More Indian students are getting scholarships at top B-schools

NEW DELHI: More Indians are now getting scholarships at the world’s top business schools, and in higher amounts, data from leading international MBA admission consulting firm Admissions Gateway shows.

The total amount of scholarships received by students of Admissions Gateway increased more than 40% in two years to $8.5 million in 2019-20 against $6 million in 2017-18, according to data the Gurgaon-based company shared exclusively with ET.

The number of students serviced by the company had increased only around 10% during this period, indicating that a higher share of students are getting grants and that the average amount has also increased.

One of the major reasons for the sharp spike is that top b-schools have started giving out more scholarships to attract students after they saw a decline in the number of applications in 2018-19, said Rajdeep Chimni, chief executive of Admissions Gateway. This year, the number of applications have gone up, he said.

reached out to leading b-schools including Harvard, Stanford, Wharton, Kellogg, Booth, Michigan Ross, Duke University’s Fuqua School of Business and NYU Stern.

Many of them – including Wharton, Fuqua and Michigan Ross – confirmed that they have indeed increased the number and amounts of merit-based scholarships in recent years because getting a “diverse cohort” was a major goal for them.

Wharton and Kellogg are in the top 5 business schools globally along with Harvard, Stanford and Booth, and both these schools are where the biggest increase was witnessed in the two-year period.

“Generally, the increased number of admitted international students over the past few years have amplified our current awarding structure, and newer diversity and inclusion initiatives have played a role in that increase,” Maxine Adekoya, director of student finances for Wharton MBA admissions and financial aid, told ET in an email response.

The average scholarship amount, too, has soared. “Two years ago most grants were in the $30,000-70,000 range, with an intermittent $100,000 being given out,” Chimni said. “Now most grants are $40,000-165,000 with more grants over $70,000, and more full $150,000 grants.”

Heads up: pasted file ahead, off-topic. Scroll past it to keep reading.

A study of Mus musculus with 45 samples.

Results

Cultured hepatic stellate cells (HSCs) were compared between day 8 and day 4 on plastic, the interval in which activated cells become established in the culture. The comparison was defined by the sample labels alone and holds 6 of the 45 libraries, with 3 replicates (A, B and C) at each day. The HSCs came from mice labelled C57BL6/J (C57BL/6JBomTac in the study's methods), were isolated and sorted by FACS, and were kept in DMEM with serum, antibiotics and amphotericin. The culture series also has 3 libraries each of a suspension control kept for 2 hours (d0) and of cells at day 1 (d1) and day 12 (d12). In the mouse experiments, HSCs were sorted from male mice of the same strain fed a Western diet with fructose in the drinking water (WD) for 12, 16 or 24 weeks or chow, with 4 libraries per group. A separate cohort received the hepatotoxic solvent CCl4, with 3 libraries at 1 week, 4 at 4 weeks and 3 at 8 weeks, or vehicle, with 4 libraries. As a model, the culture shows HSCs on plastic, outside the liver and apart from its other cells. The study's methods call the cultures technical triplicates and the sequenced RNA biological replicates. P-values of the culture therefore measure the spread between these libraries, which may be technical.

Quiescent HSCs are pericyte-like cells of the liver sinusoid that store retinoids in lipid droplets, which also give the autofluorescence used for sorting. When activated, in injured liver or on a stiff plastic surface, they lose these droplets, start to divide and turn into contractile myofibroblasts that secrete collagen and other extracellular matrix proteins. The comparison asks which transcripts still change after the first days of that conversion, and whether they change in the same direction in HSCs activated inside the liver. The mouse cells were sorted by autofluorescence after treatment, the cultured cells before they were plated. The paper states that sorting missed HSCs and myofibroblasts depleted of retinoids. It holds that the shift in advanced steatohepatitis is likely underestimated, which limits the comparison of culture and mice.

Adarsh Khandelwal, cofounder of admissions consultancy Collegify, said universities in the US are keen to get students from smaller cities, especially girls, for STEM subjects even as most MBAs in top schools have now become STEM MBAs. “Students from Tier II and Tier III cities these days have a compelling story to tell,” he said. “A girl in STEM from a small city is a story a Harvard wants.”

This also means more undergraduate students are now getting scholarships, Khandelwal said.

Shari Hubert, associate dean for admissions at Fuqua School of Business, in an email response said, “We have increased our scholarship budget at Fuqua to ensure that we are competing with other top business schools in convincing the best talent… to join our community. …certainly, students from India are an important part of the global diversity that we seek.”

Soojin Kwon, managing director of full-time MBA admissions and programs at Michigan Ross said the university “has steadily increased the number of scholarships awarded to incoming students in recent years”.

A spokesperson for Stern School of Business, New York University, said all full-time two-year MBA applicants (domestic and international) of the institute are considered for merit-based scholarships. Of this, typically 20-25% get it.

According to Chimni of Admissions Gateway, more students in India now opting for consulting is also one of the reasons they’re getting more scholarships as this helps them polish their resume and tell a compelling story.